Banks asked to withdraw from 2 gas projects
By Angelica Y. Yang, Reporter
SEVERAL groups, including environmental organizations, have asked investors to withdraw funding and support for two proposed gas facilities based in Batangas.
The facilities are SMC Global Power Corp.’s subsidiary Excellent Energy Resources, Inc.’s 1,700-megawatt (MW) combined cycle power plant and Atlantic Gulf & Pacific Co.’s (AG&P) liquefied natural gas (LNG) import facility based in Ilijan.
According to letters shared by local think tank Center for Energy, Ecology and Development (CEED) on Tuesday, the groups said that residents already bear the health, environmental, social, and economic impacts of existing fossil fuel-powered projects in Batangas.
“There are tens of thousands of us who rely on small-scale fishing and many more on eco-tourism, which bring in several millions of pesos of revenue for the province,” the groups said, adding that the presence of any gas-fired facility built in the area will pose hazards to fisherfolk, marine life, and the ecology.
On Tuesday, the letters were sent to officials of China Banking Corp., China Bank Capital, Osaka Gas, Development Bank of the Philippines, Linseed Field Power Corp., Credit Suisse (Hong Kong) Ltd., Standard Chartered Bank and SMC Global Power, among others.
The groups claim that the area can do without the proposed gas facilities since Batangas as part of the marine corridor of the Verde Island Passage, a strait within the Coral Triangle or an area deemed as the center of global shore-fish biodiversity.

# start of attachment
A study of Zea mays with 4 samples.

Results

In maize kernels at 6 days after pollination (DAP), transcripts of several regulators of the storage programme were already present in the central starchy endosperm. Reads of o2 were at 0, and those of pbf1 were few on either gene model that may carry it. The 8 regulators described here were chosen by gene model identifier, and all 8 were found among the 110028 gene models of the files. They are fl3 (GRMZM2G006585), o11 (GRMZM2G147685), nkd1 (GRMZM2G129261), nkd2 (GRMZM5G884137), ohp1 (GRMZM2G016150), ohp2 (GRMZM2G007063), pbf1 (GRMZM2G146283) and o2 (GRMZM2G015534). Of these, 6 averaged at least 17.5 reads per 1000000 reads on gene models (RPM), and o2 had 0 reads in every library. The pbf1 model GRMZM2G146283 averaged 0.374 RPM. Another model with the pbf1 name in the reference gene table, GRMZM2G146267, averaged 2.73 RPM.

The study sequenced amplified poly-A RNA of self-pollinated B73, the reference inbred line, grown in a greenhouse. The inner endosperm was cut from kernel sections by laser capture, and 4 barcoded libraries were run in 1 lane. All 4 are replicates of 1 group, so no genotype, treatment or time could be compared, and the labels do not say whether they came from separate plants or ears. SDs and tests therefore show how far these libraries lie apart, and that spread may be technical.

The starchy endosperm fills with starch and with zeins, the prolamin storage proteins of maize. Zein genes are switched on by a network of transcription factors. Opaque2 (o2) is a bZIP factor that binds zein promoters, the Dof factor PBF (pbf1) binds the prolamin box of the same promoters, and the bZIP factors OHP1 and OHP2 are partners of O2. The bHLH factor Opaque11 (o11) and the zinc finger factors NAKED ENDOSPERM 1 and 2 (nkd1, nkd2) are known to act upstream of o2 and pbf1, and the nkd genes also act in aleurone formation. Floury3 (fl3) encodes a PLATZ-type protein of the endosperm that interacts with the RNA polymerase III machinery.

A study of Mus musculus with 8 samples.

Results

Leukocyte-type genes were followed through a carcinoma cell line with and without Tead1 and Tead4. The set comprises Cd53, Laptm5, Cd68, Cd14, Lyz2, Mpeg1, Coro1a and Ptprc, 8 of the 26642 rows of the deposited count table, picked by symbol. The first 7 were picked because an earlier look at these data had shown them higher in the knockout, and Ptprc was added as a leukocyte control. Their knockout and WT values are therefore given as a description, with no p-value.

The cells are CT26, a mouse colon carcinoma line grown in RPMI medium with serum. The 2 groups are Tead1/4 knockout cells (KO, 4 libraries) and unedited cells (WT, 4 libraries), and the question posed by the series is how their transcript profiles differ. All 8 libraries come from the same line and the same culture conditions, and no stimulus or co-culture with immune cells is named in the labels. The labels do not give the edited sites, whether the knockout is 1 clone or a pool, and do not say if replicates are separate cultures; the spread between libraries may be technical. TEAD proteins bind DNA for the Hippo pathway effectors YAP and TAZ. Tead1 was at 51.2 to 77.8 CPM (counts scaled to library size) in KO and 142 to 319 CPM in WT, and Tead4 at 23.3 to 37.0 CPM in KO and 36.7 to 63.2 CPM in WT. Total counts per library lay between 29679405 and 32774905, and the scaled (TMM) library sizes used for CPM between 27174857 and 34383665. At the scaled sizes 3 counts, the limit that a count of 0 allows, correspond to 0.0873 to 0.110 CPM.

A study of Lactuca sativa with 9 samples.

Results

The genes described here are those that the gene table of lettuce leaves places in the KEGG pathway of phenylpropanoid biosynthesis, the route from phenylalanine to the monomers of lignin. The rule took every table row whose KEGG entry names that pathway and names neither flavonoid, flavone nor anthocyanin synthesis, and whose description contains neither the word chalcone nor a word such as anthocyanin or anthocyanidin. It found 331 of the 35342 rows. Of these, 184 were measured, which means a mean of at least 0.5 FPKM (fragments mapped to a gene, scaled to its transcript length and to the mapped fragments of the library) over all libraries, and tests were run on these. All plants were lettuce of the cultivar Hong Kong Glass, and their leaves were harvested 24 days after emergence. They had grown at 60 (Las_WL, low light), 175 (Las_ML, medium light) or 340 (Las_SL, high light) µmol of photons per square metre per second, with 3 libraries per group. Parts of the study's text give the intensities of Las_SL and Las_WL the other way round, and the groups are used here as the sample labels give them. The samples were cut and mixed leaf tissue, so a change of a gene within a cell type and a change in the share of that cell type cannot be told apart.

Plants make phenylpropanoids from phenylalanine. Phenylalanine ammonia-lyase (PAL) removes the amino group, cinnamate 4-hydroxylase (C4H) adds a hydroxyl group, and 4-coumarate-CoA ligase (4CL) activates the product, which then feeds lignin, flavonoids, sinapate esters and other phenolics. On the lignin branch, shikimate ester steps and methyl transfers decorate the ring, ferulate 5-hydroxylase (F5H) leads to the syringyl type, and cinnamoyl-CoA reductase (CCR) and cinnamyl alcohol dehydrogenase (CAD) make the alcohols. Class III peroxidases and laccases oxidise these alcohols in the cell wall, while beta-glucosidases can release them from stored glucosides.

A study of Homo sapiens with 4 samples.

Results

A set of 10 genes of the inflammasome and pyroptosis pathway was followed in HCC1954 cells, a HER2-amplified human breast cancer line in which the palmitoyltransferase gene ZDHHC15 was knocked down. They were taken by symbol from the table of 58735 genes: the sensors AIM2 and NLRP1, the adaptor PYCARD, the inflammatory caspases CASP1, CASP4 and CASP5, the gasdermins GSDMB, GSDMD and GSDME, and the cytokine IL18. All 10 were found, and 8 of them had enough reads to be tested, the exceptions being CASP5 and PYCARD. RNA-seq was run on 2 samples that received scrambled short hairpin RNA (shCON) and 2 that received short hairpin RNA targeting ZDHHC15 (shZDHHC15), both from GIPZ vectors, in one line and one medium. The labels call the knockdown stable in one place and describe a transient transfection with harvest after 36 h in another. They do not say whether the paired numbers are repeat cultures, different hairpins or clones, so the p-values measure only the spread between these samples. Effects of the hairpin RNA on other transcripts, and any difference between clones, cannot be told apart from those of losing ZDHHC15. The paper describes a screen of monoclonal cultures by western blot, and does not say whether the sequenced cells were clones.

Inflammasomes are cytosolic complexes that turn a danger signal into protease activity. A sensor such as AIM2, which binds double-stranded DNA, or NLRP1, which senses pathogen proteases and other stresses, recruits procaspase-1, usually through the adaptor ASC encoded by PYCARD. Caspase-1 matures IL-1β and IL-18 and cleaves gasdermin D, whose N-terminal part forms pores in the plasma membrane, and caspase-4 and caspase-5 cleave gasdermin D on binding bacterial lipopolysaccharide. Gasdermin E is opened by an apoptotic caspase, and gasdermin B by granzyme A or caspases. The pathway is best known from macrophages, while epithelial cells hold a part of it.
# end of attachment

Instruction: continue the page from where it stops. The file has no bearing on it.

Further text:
The strait houses 60% of the world’s shore fish species, several of which are endemic or threatened.
The groups added that the addition of these two projects will contribute to the “massive expansion of fossil gas projects in the Asian region which threaten to aggravate the climate crisis.”
“As we begin to abandon coal as a source of energy, many have posited fossil gas as an alternative fuel source and a transition vehicle towards renewable energy,” the groups said.
“However, the fossil gas industry releases large amounts of methane — a greenhouse gas whose influence, if viewed in over 10 to 20-year time scales, is at least as large as that of carbon dioxide, according to the Intergovernmental Panel on Climate Change’s latest Sixth Assessment Report,” they added.
Sought for comment, AG&P, through its official communications partner, told BusinessWorld that it has received an environmental compliance certificate for its planned LNG import hub on June 3.
The certificate, which must be secured for “environmentally critical projects,” was issued by the Department of Environment and Natural Resources.
“We remain in constant dialogue with our community partners as we look to implement environmentally-compliant and economically-viable solutions for the country’s growing energy requirements,” AG&P said.
BusinessWorld has reached out to San Miguel Corp. (SMC), the parent firm of SMC Global Power, for its comments on the matter, but it has not yet replied as of press time.